Sanlorenzo and Rolls-Royce to build ‘green-methanol’ superyacht


Italian yacht builder Sanlorenzo and Rolls-Royce have signed an agreement to build a superyacht with a methanol engine propulsion system using “green methanol”. Powered by two methanol-fuelled engines, the San Lorenzo yacht is expected to be delivered in 2026.

The agreement was announced during the Cannes Yachting Festival and is part of Sanlorenzo’s  ‘Road to 2030’ sustainability plan.

Massimo Perotti, executive chairman and CEO, Sanlorenzo, said: “Thanks to the marine use of methanol as a fuel for combustion engines, which allows carbon-neutral powerful propulsion, Sanlorenzo will be able to give the true answer to the demand for sustainability in the yachting sector.”

Green methanol is produced using solar or wind power. Hydrogen is collected and synthesised using carbon and oxygen captured from the atmosphere. Carbon Dioxide (CO2) is released into the air during combustion, although the companies claim no more is released than was adsorbed during the production of the fuel and therefore making it carbon neutral.

Denise Kurtulus, vice president of Global Marine, Rolls-Royce Power Systems said: “Synthetic methanol, produced using electricity generated from renewable sources, is the obvious fuel of the future for many maritime applications – not least yacht propulsion.”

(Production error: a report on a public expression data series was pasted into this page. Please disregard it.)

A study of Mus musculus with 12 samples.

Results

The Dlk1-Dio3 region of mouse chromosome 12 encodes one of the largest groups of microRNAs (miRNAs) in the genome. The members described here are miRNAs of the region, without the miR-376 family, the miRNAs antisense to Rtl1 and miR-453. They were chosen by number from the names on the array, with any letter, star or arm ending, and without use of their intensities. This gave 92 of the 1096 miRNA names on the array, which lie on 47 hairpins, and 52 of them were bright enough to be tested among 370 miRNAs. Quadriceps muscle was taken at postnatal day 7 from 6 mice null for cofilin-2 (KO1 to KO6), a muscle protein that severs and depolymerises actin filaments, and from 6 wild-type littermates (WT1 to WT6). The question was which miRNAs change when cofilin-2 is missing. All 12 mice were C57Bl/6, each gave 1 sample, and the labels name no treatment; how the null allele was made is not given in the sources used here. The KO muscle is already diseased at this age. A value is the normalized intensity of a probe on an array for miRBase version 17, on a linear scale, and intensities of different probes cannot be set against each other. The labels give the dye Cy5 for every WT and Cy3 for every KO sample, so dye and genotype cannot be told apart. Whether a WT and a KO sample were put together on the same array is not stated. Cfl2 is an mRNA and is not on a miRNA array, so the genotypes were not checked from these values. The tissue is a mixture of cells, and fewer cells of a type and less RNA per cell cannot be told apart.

The methanol engine will be based on Rolls-Royce’s MTU brand’s Series 4000 engines. “Our many years of experience and our extensive expertise in mobile and stationary gas engines will give us a head start in development,” said Otto Preiss, chief operating officer and chief technology officer, Rolls-Royce Power Systems.

Rolls-Royce said that methanol’s energy density is around 50% below that of diesel. That means the fuel tanks will need to be about twice as big in order to give the vessel the same range as a yacht using diesel propulsion.

The developers of the project expect the power output of a methanol propulsion system to be about one-third less than that of a diesel system of the same size.

 “In reality, that isn’t terribly important,” said Kurtulus. “This is because larger, heavier engines are more likely to be installed in large yachts of 40m to 50m [131-164ft] in length than in smaller vessels. Yacht owners who want to be climate-friendly and go easy on the environment aren’t generally looking to wring out the last ounce of power.”

The partnership complements San Lorenzo’s previous agreement with Siemens Energy for the use of hydrogen fuel cells on board for yachts between 24m and 80m signed in 2021.

Pictured below:  Massimo Perotti (left) and  Gianluca Bononi (right) seal the deal.